Let's start with a question: How much of your portfolio is stashed in foreign stocks?
If you're like most Americans, you probably said "about 17%." That's the amount of total U.S. investment in foreign issues.
But now for the really important question: Is that enough?
Well, is it?
Not according to Dr. Jeremy Siegel of the Wharton School of Business. He's earning notoriety by telling U.S. investors to put up to 40% of their portfolios into foreign stocks. That's right. 40%!
And though Berkshire Hathaway Vice Chairman Charlie Munger has had some fun at Siegel's expense, calling him "demented," I think Dr. Siegel is spot-on in this regard.
Well, maybe not spot-on -- 40% may be a bit high. But this is America, darn it! If we don't use hyperbole, we just get ignored ...
Back to your regularly scheduled article
While 40% may be aggressive, there's no reason why American investors should not be making foreign stocks at least 20% to 30% of their portfolios. That's because domestic growth is slowing and capital is flowing out of the United States and into other countries like never before.
Accordingly, you will be left behind if you are not invested in the world's best stocks.
Your portfolio check-up
So how can you measure how much of your portfolio is invested in international stocks? It's an inexact science. Microsoft (Nasdaq: MSFT ) , for example, is an American icon, based in Redmond, Wash., with 44,000 employees in this country, that trades on the U.S.-based Nasdaq.
Yet it's sort of an international stock.
The company has 27,000 international employees, pays 15% or so of its income taxes abroad, and derives a "significant" amount of revenue from other countries. When you're checking your portfolio for international allocation, I'd consider about 30% or so of a Microsoft holding "international."
And it's important to do this math with every stock you own. Toyota (NYSE: TM ) , for example, isn't nearly as "Asian," so to speak, as Ctrip.com (Nasdaq: CTRP ) or Sina (Nasdaq: SINA ) . And companies such as Starbucks (Nasdaq: SBUX ) , McDonald's (NYSE: MCD ) , and even Wal-Mart (NYSE: WMT ) are becoming less and less "American" by the day.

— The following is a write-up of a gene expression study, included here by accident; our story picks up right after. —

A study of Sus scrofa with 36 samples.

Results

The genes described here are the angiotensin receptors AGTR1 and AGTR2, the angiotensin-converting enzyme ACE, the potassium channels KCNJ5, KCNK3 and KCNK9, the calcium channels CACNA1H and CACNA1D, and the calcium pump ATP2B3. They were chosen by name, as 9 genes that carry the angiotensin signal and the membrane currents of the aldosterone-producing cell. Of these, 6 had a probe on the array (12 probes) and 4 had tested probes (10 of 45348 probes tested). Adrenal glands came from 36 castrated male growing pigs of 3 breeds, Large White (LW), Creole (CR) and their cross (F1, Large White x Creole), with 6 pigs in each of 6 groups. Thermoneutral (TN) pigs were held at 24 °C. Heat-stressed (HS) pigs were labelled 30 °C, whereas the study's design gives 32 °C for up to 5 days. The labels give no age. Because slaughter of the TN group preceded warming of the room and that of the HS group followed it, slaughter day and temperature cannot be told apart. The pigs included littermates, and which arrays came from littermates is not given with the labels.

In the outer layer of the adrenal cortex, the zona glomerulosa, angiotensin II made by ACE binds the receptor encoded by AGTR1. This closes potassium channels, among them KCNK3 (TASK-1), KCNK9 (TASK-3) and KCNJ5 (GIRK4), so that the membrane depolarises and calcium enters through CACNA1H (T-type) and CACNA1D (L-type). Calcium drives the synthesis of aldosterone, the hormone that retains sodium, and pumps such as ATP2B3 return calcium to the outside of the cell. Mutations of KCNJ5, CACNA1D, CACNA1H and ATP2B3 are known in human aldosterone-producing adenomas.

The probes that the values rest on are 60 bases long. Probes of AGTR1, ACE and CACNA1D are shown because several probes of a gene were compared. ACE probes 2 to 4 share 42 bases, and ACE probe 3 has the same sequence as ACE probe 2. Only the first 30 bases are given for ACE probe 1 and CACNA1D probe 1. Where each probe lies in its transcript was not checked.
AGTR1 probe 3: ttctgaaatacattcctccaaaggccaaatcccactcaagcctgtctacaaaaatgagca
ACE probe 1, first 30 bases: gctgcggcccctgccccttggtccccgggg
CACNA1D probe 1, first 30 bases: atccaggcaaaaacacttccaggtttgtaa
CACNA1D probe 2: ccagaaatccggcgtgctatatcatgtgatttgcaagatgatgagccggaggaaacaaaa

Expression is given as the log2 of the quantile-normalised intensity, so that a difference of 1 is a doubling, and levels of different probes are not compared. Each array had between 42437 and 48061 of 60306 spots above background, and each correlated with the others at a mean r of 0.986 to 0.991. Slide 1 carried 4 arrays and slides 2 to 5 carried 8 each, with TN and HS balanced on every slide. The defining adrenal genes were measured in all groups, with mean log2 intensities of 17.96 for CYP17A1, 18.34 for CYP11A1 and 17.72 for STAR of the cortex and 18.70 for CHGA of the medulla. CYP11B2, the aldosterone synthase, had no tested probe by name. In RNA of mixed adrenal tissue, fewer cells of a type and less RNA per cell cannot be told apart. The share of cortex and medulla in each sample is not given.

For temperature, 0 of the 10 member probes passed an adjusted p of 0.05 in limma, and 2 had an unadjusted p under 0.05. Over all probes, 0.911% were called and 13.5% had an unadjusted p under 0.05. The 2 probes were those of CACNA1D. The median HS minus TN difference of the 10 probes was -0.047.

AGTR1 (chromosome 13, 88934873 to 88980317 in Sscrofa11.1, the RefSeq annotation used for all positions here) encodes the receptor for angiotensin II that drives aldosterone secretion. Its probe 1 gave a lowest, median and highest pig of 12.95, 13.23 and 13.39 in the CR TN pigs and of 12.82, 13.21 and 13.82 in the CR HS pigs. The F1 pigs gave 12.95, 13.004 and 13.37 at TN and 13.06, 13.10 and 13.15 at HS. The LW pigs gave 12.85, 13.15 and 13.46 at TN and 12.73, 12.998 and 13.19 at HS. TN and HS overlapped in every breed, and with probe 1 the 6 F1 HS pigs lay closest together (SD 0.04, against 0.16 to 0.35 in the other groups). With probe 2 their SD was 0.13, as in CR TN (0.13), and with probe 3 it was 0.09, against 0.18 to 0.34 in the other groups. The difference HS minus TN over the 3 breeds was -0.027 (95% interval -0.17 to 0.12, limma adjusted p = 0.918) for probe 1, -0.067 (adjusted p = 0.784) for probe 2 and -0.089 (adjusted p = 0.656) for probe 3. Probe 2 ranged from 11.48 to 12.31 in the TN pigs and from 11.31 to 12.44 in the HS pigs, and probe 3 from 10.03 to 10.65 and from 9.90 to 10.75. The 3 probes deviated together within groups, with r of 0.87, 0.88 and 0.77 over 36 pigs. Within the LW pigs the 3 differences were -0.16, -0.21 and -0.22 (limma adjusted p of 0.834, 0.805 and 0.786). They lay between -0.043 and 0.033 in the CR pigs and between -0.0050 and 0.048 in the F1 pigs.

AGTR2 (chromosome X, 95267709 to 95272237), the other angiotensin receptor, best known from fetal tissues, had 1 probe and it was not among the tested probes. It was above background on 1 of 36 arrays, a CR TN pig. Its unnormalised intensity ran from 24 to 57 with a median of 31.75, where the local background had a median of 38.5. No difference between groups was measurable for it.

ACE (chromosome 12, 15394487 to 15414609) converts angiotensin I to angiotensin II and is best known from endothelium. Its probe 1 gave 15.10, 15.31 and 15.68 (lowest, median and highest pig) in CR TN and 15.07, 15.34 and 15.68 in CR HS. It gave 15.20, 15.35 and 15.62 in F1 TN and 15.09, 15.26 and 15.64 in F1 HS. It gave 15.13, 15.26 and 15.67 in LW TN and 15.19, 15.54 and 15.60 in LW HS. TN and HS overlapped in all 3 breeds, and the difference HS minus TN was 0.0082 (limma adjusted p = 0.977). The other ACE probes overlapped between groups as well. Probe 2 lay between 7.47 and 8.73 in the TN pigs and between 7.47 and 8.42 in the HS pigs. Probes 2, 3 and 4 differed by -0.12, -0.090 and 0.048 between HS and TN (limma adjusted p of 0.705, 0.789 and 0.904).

Add it up
But even if 20% of your stock portfolio is in foreign issues, it may not be enough. Remember: Your investments don't exist in a vacuum.
Consider this scenario:
You live in Houston. You work for Enron. You invest in nothing but Enron stock. When Enron went bankrupt, you were not only out of a job, but your savings were wiped out, and there wasn't anyone around who wanted to buy your house.
Or what about this one:
You live in New Orleans. You work in New Orleans. You invest in nothing but New Orleans-related companies such as Whitney Holding, Entergy, or Harrah'sEntertainment. Thankfully, the region and many of its businesses are bouncing back. But in the wake of Hurricane Katrina, you could have found yourself out of a house and a job and seen your investment accounts significantly down.
Enron, New Orleans ... the United States?
Simply put: When every part of your financial well-being is tied to one place, you increase the risk of disaster. So if you own a home in the United States and earn your living from an American corporation, take that into account when deciding how much foreign exposure you need in your portfolio.
You might even find yourself approaching Dr. Siegel's magic number of 40%.
The Foolish bottom line
When you do, you may find out that you're severely underinvested in foreign stocks. That's precisely why we're offering our new investing service, Motley Fool Global Gains. There, Bill Mann and his team of analysts make it their mission to uncover the best international equities on the market. They'll also help you calibrate your portfolio, to ensure that you have all of the international exposure you need.